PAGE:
Imagine if the worst thing you ever said at work was posted online for the entire world, including your customers and employees, to see. After the dust settled would you still have a business?
You might easily dismiss this as something that would never happen to you, but this is a risk that every brand faces. If you use electronic devices to communicate, there’s a digital record of nearly everything you do. And whether it be a private email between employees or a celebrity’s pictures stored in the cloud, we’ve learned from countless incidents that they aren’t always safe.
In 2015, electronic giant Sony experienced one of the costliest and most embarrassing hacks of private communications of the last decade. More than 170,000 emails were hacked and posted publicly to Wikileaks. This massive leak included communications from Sony CEO Michael Lynton, fellow company executives, producers, movie stars, and others. The emails kicked off a media frenzy that forced Sony to deal with the aftermath.
“I’m not destroying my career over a minimally talented spoiled brat who thought nothing of shoving this off her plate for eighteen months so she could go direct a movie,” said producer Scott Rudin of Hollywood superstar Angelina Jolie. Rudin publicly apologized soon after the leak, and Jolie, like many other celebrities mentioned in the emails, were contacted repeatedly by media outlets to respond. Sony’s entire business was disrupted. The hack was estimated to cost Sony’s movie studio somewhere around $100M.
Regardless of Sony’s ability to continue operations and produce blockbuster films after spending tens of millions of dollars and time on this mess of a hack, do you believe the high-profile movie stars who suffered from the embarrassment and disruption of this leak will ever trust Sony again?
Sony, Facebook, Tesla, Uber, Yahoo and many others have experienced hacks and leaks that could have been prevented. Whether caused by an employee intentionally sharing private information, an accident, or a security glitch, communication leaks are extremely costly.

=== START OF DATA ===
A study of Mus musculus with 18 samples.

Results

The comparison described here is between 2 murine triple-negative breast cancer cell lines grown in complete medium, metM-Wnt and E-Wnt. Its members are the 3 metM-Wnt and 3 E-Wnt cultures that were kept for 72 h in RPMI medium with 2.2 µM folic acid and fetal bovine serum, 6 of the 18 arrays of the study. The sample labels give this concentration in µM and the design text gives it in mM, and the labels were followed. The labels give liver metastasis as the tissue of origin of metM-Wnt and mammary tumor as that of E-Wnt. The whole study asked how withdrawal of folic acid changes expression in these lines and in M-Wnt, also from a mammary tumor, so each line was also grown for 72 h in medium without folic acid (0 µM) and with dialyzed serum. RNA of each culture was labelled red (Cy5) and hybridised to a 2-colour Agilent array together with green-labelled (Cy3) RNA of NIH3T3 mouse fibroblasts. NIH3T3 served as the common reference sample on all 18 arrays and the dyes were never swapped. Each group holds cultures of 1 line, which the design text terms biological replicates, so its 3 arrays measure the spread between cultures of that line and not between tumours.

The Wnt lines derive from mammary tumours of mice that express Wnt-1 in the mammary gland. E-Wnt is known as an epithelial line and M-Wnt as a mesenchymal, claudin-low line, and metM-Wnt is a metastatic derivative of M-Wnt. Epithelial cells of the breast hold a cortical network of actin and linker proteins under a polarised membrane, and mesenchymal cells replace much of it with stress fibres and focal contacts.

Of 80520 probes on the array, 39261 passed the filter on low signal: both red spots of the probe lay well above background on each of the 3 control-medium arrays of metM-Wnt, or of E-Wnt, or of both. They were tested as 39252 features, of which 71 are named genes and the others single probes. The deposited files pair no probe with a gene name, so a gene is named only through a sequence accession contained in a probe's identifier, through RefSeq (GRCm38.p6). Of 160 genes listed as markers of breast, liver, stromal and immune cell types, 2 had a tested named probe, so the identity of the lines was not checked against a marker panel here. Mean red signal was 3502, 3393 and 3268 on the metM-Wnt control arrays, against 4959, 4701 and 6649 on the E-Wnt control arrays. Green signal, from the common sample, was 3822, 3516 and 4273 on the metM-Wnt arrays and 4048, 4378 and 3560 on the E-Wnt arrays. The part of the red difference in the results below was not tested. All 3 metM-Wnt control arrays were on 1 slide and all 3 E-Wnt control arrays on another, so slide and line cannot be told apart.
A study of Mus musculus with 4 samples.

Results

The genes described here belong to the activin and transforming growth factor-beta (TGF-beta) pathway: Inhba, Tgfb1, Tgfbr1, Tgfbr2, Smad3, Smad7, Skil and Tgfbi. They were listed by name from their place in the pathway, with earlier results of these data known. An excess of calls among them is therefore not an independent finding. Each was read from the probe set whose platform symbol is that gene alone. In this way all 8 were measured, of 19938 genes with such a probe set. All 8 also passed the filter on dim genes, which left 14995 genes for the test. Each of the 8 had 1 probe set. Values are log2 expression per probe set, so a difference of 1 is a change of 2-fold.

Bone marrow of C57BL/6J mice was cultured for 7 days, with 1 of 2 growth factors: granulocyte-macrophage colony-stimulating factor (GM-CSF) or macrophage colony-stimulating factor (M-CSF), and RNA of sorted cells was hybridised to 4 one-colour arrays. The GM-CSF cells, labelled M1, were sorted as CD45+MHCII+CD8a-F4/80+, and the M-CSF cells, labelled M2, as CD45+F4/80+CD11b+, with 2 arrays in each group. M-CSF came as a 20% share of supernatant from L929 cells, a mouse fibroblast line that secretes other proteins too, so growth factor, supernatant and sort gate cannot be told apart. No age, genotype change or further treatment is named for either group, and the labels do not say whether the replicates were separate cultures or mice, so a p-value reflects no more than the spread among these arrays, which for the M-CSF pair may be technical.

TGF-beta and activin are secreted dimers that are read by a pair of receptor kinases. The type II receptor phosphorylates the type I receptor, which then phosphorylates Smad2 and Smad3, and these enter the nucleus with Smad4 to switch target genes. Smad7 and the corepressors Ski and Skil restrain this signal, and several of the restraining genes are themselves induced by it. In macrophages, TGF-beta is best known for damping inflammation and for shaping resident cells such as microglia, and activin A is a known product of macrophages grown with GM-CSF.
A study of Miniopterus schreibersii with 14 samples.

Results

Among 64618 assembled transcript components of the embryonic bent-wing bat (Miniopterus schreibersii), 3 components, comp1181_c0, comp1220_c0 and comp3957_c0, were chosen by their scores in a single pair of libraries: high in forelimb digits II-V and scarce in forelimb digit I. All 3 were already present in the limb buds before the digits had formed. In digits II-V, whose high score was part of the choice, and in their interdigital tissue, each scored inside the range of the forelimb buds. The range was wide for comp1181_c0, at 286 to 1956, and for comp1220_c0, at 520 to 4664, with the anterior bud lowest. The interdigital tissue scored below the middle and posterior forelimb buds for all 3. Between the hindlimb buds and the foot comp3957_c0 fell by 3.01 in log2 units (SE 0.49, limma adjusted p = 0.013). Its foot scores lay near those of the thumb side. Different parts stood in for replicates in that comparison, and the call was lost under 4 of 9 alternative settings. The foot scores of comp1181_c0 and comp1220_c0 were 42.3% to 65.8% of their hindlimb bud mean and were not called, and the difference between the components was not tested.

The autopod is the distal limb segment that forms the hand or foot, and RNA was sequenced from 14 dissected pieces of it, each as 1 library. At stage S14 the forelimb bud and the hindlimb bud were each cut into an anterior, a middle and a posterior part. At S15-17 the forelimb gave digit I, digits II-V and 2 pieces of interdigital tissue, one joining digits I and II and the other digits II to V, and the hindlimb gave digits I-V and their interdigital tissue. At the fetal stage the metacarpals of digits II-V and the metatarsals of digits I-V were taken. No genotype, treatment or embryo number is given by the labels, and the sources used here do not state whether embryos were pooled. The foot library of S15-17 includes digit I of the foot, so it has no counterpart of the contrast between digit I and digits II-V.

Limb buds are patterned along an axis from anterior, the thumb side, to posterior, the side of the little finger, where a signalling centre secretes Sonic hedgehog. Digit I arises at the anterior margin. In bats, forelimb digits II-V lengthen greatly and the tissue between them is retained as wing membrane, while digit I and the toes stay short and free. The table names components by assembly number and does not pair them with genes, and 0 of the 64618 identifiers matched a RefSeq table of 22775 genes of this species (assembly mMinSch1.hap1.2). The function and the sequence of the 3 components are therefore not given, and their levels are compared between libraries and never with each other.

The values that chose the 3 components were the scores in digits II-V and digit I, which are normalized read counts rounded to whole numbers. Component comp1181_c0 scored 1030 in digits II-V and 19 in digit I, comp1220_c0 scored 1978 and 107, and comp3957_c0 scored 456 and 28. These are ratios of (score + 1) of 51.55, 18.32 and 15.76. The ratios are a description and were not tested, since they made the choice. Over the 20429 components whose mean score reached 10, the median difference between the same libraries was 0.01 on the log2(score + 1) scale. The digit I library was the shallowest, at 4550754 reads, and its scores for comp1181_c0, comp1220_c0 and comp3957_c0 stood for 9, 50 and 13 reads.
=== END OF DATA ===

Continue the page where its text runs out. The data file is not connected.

Even if your business isn’t quite on the same scale as Sony, you’re not any less vulnerable. You work hard to serve clients, beat out the competition, and stay up to date with advancements in your industry and technology. You can’t afford to leave your internal communications accessible to the world.
Emails and private communications are not the only types of information that are at risk of being leaked or hacked.
What information does your company have access to?
If you run an accounting firm or other professional service business, you have all kinds of sensitive information on hand:
Personal client details
Employee names and addresses
Usernames and passwords
Credit and debit card numbers
Social security numbers and EINs
Confidential financial statements
Even when you understand how important security is and the consequences of not properly protecting all your information, you may be asking, “Where does the risk lie in my business?”
The answer is complicated. The short answer is that anywhere information is stored, there are risks that someone who should not have access to it will be able to infiltrate and steal that information.
Every employee, network, and each device used to access and interact with sensitive information must be protected. This requires intentional effort and proactive planning.
While not every company ill-prepared to handle an attack will be attacked, an attempt or accidental leak can only happen if there are vulnerabilities.
Secure communication can serve as more than a fail-safe for your business—it can be an asset and even a competitive advantage. No company, customer, or employee wants to fear that their personal and private information will be shared without their consent. Protecting this information and communicating how it is protected will build trust and provide peace of mind to every client and potential client.
When the fear of leaks and hacks is gone, clients, employees, and your partners will be able to focus on building a beneficial relationship with you rather than worry about their information being safe.
Although leaks and hacks have led to some of the biggest companies in the world losing millions of dollars, countless clients, and the trust of the public, you don’t have to. These incidents have shown the importance of security and having processes in place to protect sensitive information.
Leaks and hacks don’t happen when information and communication is secure and out of reach of hackers and common mistakes.
Where does your company stand in the fight against leaks and hacks? Take time today to analyze your efforts against these threats.